Getting Math onto Web Pages Community Group


While MathML was supposed to solve the problem of rendering mathematics on the web it lacks in both implementations and general interest from browser vendors. However, in the past decade, many math rendering tools have been pushing math on the web forward using HTML/CSS and SVG.

One of the identified issues is that, while browser manufacturers have continually improved and extended their HTML and CSS layout engines, the approaches to render mathematics have not been able to align with these improvements. In fact, the current approaches to math layout could be considered to be largely disjoint from the other technologies of OWP. Another key issue, is that exposing (and thus leveraging) semantic information of mathematical and scientific content on the web needs to move towards modern practices and standards instead of being limited to a single solution (MathML). Such information is critical for accessibility, machine-readability, and re-use of mathematical content.

This Community Group intends to look at the problems of math on the web in a very bottom-up manner. Experts in this group should identify how the core OWP layout engines, centered around HTML, SVG, and CSS, can be re-used for the purpose of mathematical layout by mapping mathematical entities on top of these, thereby ensuring a much more efficient result, and making use of current and future OWP optimization possibilities. Similarly, experts should work to identify best practices for semantics from the point of view of today's successful solutions.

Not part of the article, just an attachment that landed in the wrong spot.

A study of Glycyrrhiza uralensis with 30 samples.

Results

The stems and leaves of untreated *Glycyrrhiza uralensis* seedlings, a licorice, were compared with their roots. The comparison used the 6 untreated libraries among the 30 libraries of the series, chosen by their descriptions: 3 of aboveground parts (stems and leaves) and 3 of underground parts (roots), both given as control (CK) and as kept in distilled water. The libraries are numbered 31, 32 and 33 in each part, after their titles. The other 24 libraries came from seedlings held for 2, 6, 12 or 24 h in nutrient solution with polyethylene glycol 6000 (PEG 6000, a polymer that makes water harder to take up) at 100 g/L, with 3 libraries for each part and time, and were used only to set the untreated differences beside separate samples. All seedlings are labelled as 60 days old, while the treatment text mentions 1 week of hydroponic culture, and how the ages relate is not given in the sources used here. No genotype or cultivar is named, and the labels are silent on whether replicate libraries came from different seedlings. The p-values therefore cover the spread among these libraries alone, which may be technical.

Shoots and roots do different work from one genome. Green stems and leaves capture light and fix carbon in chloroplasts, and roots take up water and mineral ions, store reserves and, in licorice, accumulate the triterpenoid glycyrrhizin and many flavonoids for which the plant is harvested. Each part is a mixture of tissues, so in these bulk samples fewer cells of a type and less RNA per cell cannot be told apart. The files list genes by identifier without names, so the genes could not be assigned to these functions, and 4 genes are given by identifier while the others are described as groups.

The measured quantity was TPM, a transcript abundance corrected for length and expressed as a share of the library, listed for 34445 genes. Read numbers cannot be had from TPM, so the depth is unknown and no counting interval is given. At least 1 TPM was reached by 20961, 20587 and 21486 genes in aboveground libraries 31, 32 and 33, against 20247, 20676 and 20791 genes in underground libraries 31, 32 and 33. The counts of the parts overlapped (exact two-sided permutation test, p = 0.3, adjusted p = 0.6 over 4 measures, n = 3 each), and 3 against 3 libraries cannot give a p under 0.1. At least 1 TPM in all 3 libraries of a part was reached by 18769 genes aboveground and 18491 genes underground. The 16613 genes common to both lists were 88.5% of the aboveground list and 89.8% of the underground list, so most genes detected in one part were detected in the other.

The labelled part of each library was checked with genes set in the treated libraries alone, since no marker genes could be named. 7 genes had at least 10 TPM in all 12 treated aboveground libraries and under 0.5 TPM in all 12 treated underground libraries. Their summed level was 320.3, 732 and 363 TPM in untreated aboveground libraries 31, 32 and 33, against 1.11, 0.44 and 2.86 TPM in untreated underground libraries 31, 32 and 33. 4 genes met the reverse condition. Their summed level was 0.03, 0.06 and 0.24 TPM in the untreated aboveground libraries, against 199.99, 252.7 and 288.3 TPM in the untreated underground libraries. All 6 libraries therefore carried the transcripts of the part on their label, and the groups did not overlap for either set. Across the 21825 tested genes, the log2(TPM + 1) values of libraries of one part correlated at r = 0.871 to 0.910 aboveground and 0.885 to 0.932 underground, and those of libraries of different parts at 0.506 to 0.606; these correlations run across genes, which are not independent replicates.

This work should also reveal where the shortcomings are, from the mathematical layout point of view, in the details of these OWP technologies, and propose improvements and possible additions to these, with the ultimate goal of reaching out to the responsible W3C Working Groups to make these changes. This work may also reveal new technology areas that should be specified and standardized on their own right, for example in the area of Web Accessibility.

The ultimate goal is to pave the way for a standard, highly optimized implementation architecture, on top of which mathematical syntaxes, like LaTeX or MathML, may be mapped to provide an efficient display of mathematical formulae. Note that, although this community group will concentrate on mathematics, many other areas, e.g., science and engineering, will benefit from (and factor into) the approach and from the core architecture.